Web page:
A Cultural Mix in the Spa

Clare Champion, Friday, 14th April 2000

The diverse culture of the Lisdoonvarna area provides an enriching experience for the one hundred and twenty pupils of St. Enda's Primary School. Because a number of parents are non-nationals or from different parts of the country, the children get a taste of different languages and traditions from all over the world.

The youngsters, who come mainly from the spa itself and the surrounding townlands, range in age from four to thirteen and are looked after by five mainstream teachers and a shared learning support teacher. Two of the staff, Anne Harrington and Mary Whelan, are themselves past pupils and they are joined on the staff by Eilis O'Donoghue of Ennistymon, Brigid Crawford of Cloonanaha and principal, John Hehir, of Mountscott, Mullagh. The only non-native on the staff is Mary McCormack-McBride of Donegal who has recently settled in Fanore, having had teaching experience in different parts of the world.

From 9:20am til 3:00pm, from Monday to Friday, the school is a hive of activity. The staff and pupils involve themselves in all areas of the curriculum and are deeply engrossed in the new ideas and philosophies of the 'New Curriculum' which is set to be introduced in all primary schools shortly. Subjects such as arts and crafts, music and P.E. are part and parcel of primary school now and in Lisdoonvarna these subjects are firm favourites with all the children.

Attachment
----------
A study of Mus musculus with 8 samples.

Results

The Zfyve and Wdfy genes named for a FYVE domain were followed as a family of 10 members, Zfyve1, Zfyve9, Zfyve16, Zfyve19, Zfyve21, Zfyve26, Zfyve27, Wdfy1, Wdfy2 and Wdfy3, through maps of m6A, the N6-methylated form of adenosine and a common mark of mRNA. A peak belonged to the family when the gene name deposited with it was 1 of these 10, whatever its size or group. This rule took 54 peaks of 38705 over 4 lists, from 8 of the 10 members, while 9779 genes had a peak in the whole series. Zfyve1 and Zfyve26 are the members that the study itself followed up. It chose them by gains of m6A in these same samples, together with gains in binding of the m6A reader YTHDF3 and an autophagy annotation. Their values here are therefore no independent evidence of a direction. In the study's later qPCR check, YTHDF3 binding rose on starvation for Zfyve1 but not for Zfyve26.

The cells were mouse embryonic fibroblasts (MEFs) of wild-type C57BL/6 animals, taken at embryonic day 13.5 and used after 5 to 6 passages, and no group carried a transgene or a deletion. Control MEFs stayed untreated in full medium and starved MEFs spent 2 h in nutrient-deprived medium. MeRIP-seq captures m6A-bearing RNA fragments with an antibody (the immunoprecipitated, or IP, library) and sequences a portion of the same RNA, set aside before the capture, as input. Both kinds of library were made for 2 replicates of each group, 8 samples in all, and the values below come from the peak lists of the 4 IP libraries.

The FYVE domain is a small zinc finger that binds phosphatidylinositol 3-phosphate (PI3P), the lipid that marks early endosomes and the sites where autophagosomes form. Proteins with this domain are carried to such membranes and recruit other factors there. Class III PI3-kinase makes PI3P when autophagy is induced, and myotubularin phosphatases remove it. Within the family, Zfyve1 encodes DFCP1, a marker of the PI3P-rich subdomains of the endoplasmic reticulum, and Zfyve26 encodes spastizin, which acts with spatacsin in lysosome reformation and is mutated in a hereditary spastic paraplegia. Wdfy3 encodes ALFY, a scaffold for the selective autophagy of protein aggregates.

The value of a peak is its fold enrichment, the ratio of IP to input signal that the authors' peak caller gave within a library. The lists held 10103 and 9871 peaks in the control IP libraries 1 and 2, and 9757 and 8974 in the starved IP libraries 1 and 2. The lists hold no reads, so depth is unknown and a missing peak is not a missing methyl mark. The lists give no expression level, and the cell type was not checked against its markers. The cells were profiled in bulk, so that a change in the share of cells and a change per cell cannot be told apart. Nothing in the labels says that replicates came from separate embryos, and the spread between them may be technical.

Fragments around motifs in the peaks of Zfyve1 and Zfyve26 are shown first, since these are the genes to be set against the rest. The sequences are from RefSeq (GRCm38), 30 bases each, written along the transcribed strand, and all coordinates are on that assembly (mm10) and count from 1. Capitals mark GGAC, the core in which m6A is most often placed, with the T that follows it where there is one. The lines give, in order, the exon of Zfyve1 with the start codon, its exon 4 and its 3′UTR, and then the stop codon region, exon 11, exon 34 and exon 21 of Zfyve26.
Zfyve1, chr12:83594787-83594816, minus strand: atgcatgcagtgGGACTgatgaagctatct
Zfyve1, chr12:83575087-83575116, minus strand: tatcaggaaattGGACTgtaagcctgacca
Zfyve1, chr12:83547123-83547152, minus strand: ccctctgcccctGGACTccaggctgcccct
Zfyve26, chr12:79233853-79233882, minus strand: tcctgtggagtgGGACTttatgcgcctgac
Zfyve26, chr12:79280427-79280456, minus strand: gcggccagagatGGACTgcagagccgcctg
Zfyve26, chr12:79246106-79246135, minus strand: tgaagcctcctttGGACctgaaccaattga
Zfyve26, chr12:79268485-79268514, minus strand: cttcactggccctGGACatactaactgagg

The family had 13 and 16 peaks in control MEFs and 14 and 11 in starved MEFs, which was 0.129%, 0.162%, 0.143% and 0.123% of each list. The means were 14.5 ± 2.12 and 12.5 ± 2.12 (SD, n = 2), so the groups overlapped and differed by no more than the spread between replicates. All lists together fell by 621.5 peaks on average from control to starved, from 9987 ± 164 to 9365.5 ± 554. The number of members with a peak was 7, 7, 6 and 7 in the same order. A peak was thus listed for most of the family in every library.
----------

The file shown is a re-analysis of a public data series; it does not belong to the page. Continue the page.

The pupils look forward to swimming lessons in Lahinch; basketball league games at lunchtime with Brigid Crawford; football, soccer or ground hurling in the school yard with the 'Master' or coach, David Keane. Singing and music on a Wednesday with Archie Simpson goes down a bomb and French lessons after school time are also well supported.

The school is at present getting involved in the Green Schools Programme. The initiative will involve the children in planting flowers and plants and recycling and disposing of waste in a proper manner. Parents, teachers and members of the community will help the children and foster in them an appreciation of the environment.

Last week workers from the Community Employment Scheme dug a hole in a grassed area in front of the school. The children stood amazed, wondering what the hole was for. As the hole got deeper and the pile of mud got bigger, the ideas of what it was for multiplied. Of course a simple explanation is that a time capsule is being buried there on Monday, April 17th and Minister Sile de Valera will officiate. The FAS office is busy at the moment collecting items for the capsule and the school children are getting pieces ready for the burial as well. It is hoped to unearth this capsule in fifty years time. By then there should be a new teaching staff in the school and the present pupils will be mostly grandparents!

6th class pupils, Anthony Geraghty and
Rory Healion listening to principal, John
Hehir, during a history lesson.
Enjoying themselves in class at Lisdoonvarna
N.S. were Peter Mooney and Edel Geraghty,
1st class.

Photographs by Eamon Ward, Clare Champion.